10/06/17 – Keeping cool in the heat of the desert

Heat, shimmering, stifling, suffocating heat; that may be one of the first things that springs to mind when you think about the oil-rich countries of the Middle East, such as Qatar, Abu Dhabi and Saudi Arabia. The next thought may well be wealth, which has fuelled very fast and extensive development. Heat and wealth have proven very important to manufacturers of heat monitoring instrumentation. For example, Contrec’s 212 Heat Calculator is paving the way across the region in a wide range of applications from Qatar’s Pearl to Ski Dubai, calculating the energy used to cool these luxurious and dynamic buildings in the heat of the desert.

One of the most striking new developments in the region is the artificial island network of Pearl-Qatar, in Doha. When the whole project is complete the Pearl Lagoon will have more than 13 artificially constructed islands featuring luxury villas, apartments and five-star hotels, as well as shops, restaurants and entertainment facilities. The initial estimated construction cost of the project when it was first revealed in 2004 was $2.5 billion. It is now believed that the final cost will be in the region of $15 billion. There are 125 systems operating Contrec’s 212 Heat Calculator in the Pearl to date.

The World Trade Centre in Abu Dhabi is one of 330 such centres in nearly 100 countries around the world, all with the common purpose of facilitating and developing international trade and business. Designed by world-renowned architects Foster and Partners the striking building is a fully integrated mixed-use development with offices, residences, as well as having a hotel, retail mall and a traditional souk. It also features 90 heat monitoring systems with the Contrec 212.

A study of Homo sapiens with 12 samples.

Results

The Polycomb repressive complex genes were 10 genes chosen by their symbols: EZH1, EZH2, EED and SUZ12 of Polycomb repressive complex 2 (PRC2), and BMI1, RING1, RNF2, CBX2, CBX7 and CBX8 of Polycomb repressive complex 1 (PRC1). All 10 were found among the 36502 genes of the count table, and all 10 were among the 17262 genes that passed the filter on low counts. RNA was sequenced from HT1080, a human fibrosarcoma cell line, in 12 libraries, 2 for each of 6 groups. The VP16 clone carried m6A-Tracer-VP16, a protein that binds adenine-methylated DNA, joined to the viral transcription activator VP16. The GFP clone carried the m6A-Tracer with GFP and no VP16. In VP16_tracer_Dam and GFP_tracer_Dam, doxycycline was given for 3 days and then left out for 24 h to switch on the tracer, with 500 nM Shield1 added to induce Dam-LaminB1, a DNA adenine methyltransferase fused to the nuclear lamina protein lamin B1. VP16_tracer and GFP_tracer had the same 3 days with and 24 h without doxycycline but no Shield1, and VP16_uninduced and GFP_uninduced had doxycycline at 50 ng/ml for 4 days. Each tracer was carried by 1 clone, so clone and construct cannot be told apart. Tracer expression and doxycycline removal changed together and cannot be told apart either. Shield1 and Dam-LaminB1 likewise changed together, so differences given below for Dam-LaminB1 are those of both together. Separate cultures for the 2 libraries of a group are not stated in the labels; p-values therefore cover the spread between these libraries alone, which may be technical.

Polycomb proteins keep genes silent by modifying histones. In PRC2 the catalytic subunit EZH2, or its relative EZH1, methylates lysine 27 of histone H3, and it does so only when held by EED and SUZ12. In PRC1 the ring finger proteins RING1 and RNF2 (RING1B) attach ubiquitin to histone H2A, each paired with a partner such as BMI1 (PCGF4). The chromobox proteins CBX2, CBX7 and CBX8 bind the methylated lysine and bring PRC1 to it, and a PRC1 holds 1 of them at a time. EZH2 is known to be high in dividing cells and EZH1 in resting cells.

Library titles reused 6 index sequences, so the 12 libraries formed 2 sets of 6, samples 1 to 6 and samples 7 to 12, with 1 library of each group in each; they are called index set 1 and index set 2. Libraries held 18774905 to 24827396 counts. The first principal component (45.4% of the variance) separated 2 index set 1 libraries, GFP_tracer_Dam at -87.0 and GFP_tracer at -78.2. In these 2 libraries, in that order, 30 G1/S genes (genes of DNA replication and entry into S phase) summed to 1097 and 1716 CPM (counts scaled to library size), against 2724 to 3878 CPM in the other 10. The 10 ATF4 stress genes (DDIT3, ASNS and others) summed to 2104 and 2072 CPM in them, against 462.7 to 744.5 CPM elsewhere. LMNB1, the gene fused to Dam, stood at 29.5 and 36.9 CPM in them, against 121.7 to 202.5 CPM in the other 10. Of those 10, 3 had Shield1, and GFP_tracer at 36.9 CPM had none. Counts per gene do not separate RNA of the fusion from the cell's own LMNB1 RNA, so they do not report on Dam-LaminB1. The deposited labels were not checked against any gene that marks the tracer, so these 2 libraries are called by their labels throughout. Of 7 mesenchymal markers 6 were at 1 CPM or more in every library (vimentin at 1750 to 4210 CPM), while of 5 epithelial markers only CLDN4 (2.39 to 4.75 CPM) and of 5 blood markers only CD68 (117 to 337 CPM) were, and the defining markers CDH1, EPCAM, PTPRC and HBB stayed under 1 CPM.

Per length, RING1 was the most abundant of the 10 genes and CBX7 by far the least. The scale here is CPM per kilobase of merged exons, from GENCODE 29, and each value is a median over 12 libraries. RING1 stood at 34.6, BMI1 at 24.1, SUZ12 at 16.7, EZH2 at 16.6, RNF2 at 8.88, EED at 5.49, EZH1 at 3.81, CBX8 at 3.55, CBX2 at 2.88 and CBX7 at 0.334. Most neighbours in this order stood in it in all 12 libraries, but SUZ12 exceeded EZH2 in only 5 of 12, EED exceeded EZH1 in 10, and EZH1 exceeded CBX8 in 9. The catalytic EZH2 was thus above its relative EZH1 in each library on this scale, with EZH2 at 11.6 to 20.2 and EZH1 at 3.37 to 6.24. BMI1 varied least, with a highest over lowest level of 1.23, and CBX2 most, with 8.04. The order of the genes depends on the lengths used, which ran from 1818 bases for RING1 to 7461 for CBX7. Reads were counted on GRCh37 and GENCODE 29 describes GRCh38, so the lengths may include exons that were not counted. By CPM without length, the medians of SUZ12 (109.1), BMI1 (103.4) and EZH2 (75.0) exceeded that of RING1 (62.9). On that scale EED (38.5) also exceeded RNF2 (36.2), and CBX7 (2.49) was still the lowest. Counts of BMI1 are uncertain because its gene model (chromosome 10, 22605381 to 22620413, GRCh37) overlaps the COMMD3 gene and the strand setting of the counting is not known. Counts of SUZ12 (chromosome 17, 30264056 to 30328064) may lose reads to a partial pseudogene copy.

Skiing and deserts do not necessarily go together. However, Ski Dubai opened in 2005 offers five runs, of varying difficulty, height and steepness. The longest run is 400 metres with a descent of 60 metres, making it the first ever indoor black run. Skiers and snowboarders of all skill levels are welcome, and so are those, adults and children alike, just wishing to experience snow for the first time in the world’s largest indoor snow park. There are even penguins at Ski Dubai, giving people the opportunity to meet these Antarctic birds first-hand. It takes a lot of energy to create enough snow to service this enormous 22,500 square metre construction and to keep it cool; 60 Contrec 212 Heat Calculators have been installed to monitor this energy consumption.

Dubai Metro, with 47 stations and two transfer stations, has also installed Contrec’s 212 Heat Calculators. With a daily average temperature of 360C (960F) in the summer, with the highest temperature recorded 52.10C (1260F), Dubai needs to keep cool. Stations, trains, shopping malls, offices and homes all have air conditioning.

Saudi Arabia, with similar temperatures, faces these same challenges. The King Abdulaziz International Airport, just north of Jeddah the largest city of Western Saudi Arabia, was opened in 1981 and is the country’s busiest airport. As well as serving this wealthy and dynamic city it is also the gateway to Islam’s holy city of Mecca, which explains its size and its footfall. The Hajj Terminal has been designed to handle the vast numbers of pilgrims visiting the country to take part in the rituals associated with the annual Hajj and can accommodate 80,000 travellers at the same time.

The Hajj Terminal is known for its tent-like roof structure with ten modules, each consisting of 21 tents of white coloured Teflon-coated fibreglass fabric suspended from pylons. There are 55 systems with Contrec 212 Heat Calculators in this striking building.

Contrec’s 212 Heat Calculator is ideal for these applications. It is designed to measure the energy consumed in chilled water cooling systems and supplied complete with temperature probes. It has the capacity to interface with a wide range of flowmeters, including positive displacement and inferential water meters, magnetic flowmeters and pulse outputs, turbine and paddle wheel flowmeters.

International boundaries are not a problem for the Contrec 212, with its multilingual capability. Data-logging and peak/off peak operations are standard. With accuracy to OIML R75 Class 4 and EN1434 it has the standardised accuracy that meets European and International approvals for heat calculators. In addition its inherent flexibility allows the 212 to also measure the energy consumed in hot water heating systems.

Contrec’s 212 Heat Calculator is a flexible and reliable instrument that enables businesses across a broad range of sectors to monitor the energy consumed in maintaining a pleasant temperature for employees, residents, customers and travellers alike; even in the heat of the desert.